Yorkshire Times
A Voice of the Free Press
1:00 AM 3rd July 2023

The Pros And Cons Of Recruitment Via Referrals

Seana Donnelly, a Talent Manager at Progeny, a B Corp Certified business, explores the pros and cons of recruiting by referrals.

Image by Sam San from Pixabay
Image by Sam San from Pixabay
The HR world loves a catchphrase and the latest appears to be ‘nepo-workers’. This was coined in reference to recent research which shows that two in five British workers have gained a job through a personal connection.

Nepotism in its true sense refers to favouritism of relatives or close friends and should obviously have no place in any recruitment process. However, it appears that the ‘nepo-workers’ label is being applied more broadly in reference to people who had got a job, or job offer, based on being referred to an employer through someone they know.

Despite the new buzzword, itseems to be nothing new, with LinkedIn research showing 85% of all jobs were filled via networking back in 2016.

In this article we’ll explore some of the pros and cons of recruitment via referrals and how companies can help overcome some of the potential pitfalls and challenges.
Efficient recruitment

Image by 3D Animation Production Company from Pixabay
Image by 3D Animation Production Company from Pixabay
If current employees recommend someone they know
for a role at their workplace, then there’s already an element of informal pre-screening, meaning there’s a much higher chance they’ll be suitably qualified and that their preferences and values will be compatible with those of the business. The natural drop-out rate during any recruitment process is also likely to be reduced for employers by the fact that prospective candidates are able to do their own research on a potential new employer by chatting with their friend or contact who already works there.

Seana Donnelly
Seana Donnelly
Formal referral programmes are common practice and incentivise ‘recommending a friend’ with some kind of reward. Businesses often find this a quicker and more cost-effective recruitment avenue than employing an external agency, with data from Jobvite showing that employee referrals have by far the highest applicant-to-hire conversion rate and nearly 70% of employers said the recruiting process was shorter.

However, it’s vital that referrals are taken through the same formal screening and recruitment process as any other candidates to help avoid biased recommendations, where an employee just wants to work with their friend, or any accusations of unfair advantage or favouritism. Referrals should simply be seen as a way of getting good quality potential candidates through the door and not as a shortcut to any other standard processes.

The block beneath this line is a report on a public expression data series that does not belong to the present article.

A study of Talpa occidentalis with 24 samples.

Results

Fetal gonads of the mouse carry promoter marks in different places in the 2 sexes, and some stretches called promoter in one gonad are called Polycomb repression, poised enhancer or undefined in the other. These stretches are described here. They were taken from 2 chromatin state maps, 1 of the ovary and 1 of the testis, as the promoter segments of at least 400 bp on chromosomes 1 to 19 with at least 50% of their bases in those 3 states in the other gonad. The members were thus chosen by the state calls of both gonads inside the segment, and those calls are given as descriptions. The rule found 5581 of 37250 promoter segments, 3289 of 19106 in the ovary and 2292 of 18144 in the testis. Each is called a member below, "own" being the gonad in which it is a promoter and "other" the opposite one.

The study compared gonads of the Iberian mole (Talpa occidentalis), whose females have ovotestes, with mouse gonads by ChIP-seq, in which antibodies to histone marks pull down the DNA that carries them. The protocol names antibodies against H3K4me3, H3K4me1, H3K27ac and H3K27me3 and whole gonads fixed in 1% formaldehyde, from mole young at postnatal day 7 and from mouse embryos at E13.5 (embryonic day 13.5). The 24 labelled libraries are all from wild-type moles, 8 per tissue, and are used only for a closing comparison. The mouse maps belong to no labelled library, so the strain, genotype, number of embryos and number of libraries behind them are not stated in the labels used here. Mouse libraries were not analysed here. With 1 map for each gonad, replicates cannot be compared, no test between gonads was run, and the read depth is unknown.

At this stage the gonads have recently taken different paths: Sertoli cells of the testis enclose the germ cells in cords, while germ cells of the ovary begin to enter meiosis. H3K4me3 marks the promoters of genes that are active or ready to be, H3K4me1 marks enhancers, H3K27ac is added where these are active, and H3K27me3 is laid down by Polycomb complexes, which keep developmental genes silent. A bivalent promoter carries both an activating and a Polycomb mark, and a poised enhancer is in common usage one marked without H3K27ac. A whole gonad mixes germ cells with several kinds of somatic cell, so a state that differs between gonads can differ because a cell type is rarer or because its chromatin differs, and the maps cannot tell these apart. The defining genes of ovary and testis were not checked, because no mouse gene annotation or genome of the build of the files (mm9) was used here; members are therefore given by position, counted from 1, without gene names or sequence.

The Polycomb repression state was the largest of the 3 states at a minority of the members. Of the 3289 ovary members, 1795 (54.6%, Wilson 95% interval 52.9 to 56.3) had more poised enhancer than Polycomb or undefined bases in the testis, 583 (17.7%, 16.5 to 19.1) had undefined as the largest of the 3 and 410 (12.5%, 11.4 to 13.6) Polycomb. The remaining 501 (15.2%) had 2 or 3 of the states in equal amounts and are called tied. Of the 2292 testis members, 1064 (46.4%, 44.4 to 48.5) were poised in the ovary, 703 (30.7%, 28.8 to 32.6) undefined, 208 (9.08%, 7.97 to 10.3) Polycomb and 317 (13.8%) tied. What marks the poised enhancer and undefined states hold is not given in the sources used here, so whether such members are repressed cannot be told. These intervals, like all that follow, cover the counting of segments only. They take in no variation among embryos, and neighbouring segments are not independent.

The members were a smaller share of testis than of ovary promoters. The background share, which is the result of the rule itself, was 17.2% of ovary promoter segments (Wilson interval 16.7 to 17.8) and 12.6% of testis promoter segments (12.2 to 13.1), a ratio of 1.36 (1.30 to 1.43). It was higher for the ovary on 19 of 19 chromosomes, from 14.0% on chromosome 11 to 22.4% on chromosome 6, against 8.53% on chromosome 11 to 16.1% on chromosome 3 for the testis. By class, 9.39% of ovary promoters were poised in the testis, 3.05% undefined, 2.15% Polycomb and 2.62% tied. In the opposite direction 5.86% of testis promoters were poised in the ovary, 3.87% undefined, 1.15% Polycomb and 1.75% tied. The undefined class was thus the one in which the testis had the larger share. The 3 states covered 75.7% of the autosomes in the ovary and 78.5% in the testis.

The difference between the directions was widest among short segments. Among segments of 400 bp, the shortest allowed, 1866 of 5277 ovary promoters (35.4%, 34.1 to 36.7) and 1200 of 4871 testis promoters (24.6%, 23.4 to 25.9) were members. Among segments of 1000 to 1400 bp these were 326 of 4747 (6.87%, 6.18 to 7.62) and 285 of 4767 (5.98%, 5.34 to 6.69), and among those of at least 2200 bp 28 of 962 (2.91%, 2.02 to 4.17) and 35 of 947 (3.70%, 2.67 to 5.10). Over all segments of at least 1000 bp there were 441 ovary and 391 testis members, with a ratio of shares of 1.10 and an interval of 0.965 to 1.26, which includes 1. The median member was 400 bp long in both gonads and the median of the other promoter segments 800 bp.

Image by Markus Winkler from Pixabay
Image by Markus Winkler from Pixabay
Consider diversity

Recruitment via referral may have many benefits, but evidence also shows that it can negatively impact diversity and inclusion, since people have a tendency to network with and refer people similar to themselves.

Whilst this is great for tapping into a qualified talent pool, research from Payscale showed that for every 100 referred employees, 44 will tend to be white men, 22 will be white women, 18 will be men of colour and 16 will be women of colour. This means that companies that already have poor diversity figures are likely to simply replicate this issue via referrals.

Recruitment teams therefore need to have a keen eye on referral data and put mechanisms in place to help increase diversity via this channel if required. This could include bigger bonuses for referrals from underrepresented groups or encouraging employees to reach beyond their immediate networks, such as professional groups they may be members of on LinkedIn for example or third party suppliers. A LinkedIn case study from Pinterest revealed that simply asking your employees for more diverse referrals can be effective, with a specific request resulting in a 24 percent increase in the percent of women referred and a 55 percent increase in the percentage of candidates from underrepresented ethnic backgrounds.

Image by Gerd Altmann from Pixabay
Image by Gerd Altmann from Pixabay
Broaden your horizons

It’s not just employees that can extend their networks - companies can to. By getting involved in their local communities via outreach activities such as volunteering, working with schools and colleges or regional professional networking groups, they can help build connectivity and advocacy with a wider demographic. Sponsoring local sports teams or events can also be effective and many firms select a corporate charity to support.

Coupled with an active social media presence, firms can encourage engagement with a much more diverse community for potential referrals, as well as giving something back to their local area.

In summary, referrals are likely to remain a staple part of many firms’ recruitment strategies and there is nothing wrong with this as long as businesses remain aware and work to mitigate the limitations and potential drawbacks of that particular approach.